This post is about the “Theakstons Old Peculier Crime Writing Festival” in Harrogate in England. But it’s not your average festival review. There won’t be any author interviews or reviews of panel discussions. Because that’s not what Harrogate is really about. Don’t get me wrong. Thanks to author Mark Billingham – who organised this year’s festival – there was a stellar line-up of talent on display. Interviews with authors John Connolly, Kate Mosse and Harlan Coben; panel discussions on everything from ebooks to emerging authors. And even a good sprinkling of controversy (more about that later).
But there’s much more to Harrogate than that. Harrogate is a very special type of literary festival. It’s an event where readers and writers – both established and aspiring – rub shoulders and chat about their favourite pastime: the crime novel. And this – it seems to me and from what I’ve gleaned from other attendees – is the most important part of Harrogate. It’s been said time and time again but it bears repeating – writing is a solitary affair. Most writers spend most of their days locked away in a room. So, when they get to come to something like this and meet other writers and readers, it’s a wonderful experience. This is something that’s happened on Twitter also. In fact, many of the writers that I met on Twitter, I finally got to meet in person at Harrogate.
Someone made the comment to me that Harrogate is a very democratic festival. What they meant by that is that everyone is on an equal footing. The convention hall where the panels are held is very large but the rest of the areas in the hotel – including the bar – are quite small, so it means that everyone is within close proximity of each other. You turn around and there’s John Connolly or Ian Rankin standing behind you and they’re happy to stand and chat to you with no airs or graces.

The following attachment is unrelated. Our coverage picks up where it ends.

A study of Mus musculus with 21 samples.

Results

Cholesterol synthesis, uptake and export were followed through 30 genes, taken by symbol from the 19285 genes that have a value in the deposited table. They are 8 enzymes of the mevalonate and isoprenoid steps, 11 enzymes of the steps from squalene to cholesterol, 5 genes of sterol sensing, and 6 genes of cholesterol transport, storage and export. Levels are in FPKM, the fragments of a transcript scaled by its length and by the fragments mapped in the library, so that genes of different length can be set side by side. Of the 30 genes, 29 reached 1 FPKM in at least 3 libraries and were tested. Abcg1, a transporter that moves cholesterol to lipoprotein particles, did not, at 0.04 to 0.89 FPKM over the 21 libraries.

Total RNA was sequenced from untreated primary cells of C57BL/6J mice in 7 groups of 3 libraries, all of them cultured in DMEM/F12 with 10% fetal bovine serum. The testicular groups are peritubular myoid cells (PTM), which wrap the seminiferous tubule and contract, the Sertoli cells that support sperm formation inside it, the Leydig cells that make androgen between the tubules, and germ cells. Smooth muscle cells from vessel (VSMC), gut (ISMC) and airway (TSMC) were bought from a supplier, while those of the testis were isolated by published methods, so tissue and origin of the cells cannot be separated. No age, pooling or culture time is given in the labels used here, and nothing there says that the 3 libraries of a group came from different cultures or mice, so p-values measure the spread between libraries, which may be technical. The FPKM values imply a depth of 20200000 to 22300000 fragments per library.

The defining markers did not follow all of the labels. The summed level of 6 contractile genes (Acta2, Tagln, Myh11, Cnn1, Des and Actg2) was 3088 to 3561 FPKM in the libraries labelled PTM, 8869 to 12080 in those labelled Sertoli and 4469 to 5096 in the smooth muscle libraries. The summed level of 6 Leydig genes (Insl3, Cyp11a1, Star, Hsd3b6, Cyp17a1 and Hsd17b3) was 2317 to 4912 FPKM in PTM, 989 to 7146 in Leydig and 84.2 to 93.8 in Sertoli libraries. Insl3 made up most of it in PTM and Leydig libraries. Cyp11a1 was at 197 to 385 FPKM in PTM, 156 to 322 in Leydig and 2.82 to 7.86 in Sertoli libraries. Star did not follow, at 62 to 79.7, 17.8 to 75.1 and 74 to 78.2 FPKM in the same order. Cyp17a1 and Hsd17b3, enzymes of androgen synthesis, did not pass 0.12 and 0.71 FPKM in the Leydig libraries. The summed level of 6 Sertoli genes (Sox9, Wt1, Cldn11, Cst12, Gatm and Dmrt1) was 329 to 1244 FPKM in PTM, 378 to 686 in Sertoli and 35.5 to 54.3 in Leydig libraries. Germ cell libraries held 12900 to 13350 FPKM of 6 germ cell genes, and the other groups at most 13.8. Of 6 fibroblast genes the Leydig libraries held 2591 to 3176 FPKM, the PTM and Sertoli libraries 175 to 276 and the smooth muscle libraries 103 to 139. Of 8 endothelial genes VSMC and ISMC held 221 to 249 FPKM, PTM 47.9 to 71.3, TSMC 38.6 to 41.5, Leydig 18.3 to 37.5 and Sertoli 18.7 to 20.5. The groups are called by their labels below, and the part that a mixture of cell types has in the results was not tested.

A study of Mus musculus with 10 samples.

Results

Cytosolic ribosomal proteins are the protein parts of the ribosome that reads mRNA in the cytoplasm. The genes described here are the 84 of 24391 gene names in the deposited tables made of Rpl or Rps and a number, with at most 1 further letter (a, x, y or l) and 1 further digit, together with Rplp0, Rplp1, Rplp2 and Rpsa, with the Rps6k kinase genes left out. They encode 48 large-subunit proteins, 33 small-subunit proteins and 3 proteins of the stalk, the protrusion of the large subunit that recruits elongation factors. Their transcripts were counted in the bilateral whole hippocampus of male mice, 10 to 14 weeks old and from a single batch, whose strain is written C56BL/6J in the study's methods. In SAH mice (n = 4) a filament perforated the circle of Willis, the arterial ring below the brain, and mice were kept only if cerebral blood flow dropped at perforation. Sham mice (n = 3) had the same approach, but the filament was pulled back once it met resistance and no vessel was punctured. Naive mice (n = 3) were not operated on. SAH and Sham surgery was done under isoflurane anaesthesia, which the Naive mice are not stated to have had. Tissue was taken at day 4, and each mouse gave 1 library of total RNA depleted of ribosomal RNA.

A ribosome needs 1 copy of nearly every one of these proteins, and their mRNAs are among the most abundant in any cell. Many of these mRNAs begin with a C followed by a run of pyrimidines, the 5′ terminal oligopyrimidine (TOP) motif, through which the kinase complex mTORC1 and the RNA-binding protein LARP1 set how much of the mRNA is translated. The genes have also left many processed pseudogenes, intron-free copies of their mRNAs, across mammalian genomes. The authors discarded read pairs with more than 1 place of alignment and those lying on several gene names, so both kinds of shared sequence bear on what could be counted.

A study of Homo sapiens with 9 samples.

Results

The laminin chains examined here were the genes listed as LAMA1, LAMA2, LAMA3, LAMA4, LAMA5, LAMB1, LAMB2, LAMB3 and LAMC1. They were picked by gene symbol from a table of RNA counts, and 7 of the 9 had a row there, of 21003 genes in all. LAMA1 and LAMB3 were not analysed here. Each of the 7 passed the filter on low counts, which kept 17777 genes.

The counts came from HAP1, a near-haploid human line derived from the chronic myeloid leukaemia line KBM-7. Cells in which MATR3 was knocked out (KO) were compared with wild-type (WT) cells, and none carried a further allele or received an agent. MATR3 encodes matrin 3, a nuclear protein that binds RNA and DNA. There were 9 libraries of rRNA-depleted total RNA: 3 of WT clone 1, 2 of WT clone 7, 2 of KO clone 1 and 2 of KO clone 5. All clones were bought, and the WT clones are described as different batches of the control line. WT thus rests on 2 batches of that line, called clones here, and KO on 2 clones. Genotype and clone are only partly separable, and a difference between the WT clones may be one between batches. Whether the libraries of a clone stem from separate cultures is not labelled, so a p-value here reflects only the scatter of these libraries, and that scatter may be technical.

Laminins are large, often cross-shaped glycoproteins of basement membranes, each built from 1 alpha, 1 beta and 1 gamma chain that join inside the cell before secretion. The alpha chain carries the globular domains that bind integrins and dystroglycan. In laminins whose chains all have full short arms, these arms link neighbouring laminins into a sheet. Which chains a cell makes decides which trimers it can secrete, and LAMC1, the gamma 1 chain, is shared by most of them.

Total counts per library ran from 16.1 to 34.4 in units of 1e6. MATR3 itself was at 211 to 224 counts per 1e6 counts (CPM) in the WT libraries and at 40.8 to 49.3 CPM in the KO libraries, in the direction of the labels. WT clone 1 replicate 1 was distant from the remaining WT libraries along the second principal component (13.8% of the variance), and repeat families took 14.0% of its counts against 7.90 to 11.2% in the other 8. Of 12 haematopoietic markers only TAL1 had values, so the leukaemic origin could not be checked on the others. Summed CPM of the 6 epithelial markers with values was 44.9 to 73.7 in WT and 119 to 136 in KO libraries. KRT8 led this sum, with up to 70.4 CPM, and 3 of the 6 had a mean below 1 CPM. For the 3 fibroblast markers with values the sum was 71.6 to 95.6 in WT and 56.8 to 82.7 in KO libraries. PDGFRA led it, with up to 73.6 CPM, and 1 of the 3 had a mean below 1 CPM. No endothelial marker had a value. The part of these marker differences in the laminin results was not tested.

There are a number of other things that I noticed in my time at the festival. There’s a buzz about the place – people just loving the fact that they get to stand around talking about their favourite books or their favourite pastime – writing. And there’s also a feeling of support – that everyone’s got each other’s backs.
The democratic atmosphere was demonstrated once again on the Saturday when TransWorld publicists took what they called mug shots, where people went into a photo booth with various crime-like props and had their photo taken in the style of a police mug shot. At one stage, the glamorous and hugely popular Swedish novelist Camilla Läckberg came in, donned a silly hat and had her photo taken holding a fish. (I believe it was a “red herring”).
The one moment of discord at the festival was at a panel discussing the eBook that was attended by, amongst others, author Stephen Leather. I wasn’t at the panel but it’s not an understatement to say that, from the off, Leather rubbed the audience members up the wrong way and things got very heated. The discussion is too complicated to go into in this post but author Stuart Neville has an excellent round-up on his blog. Suffice to say, however, that the reason for the audience taking offence is the very reason that Harrogate is such a success – it’s about the pure love of books.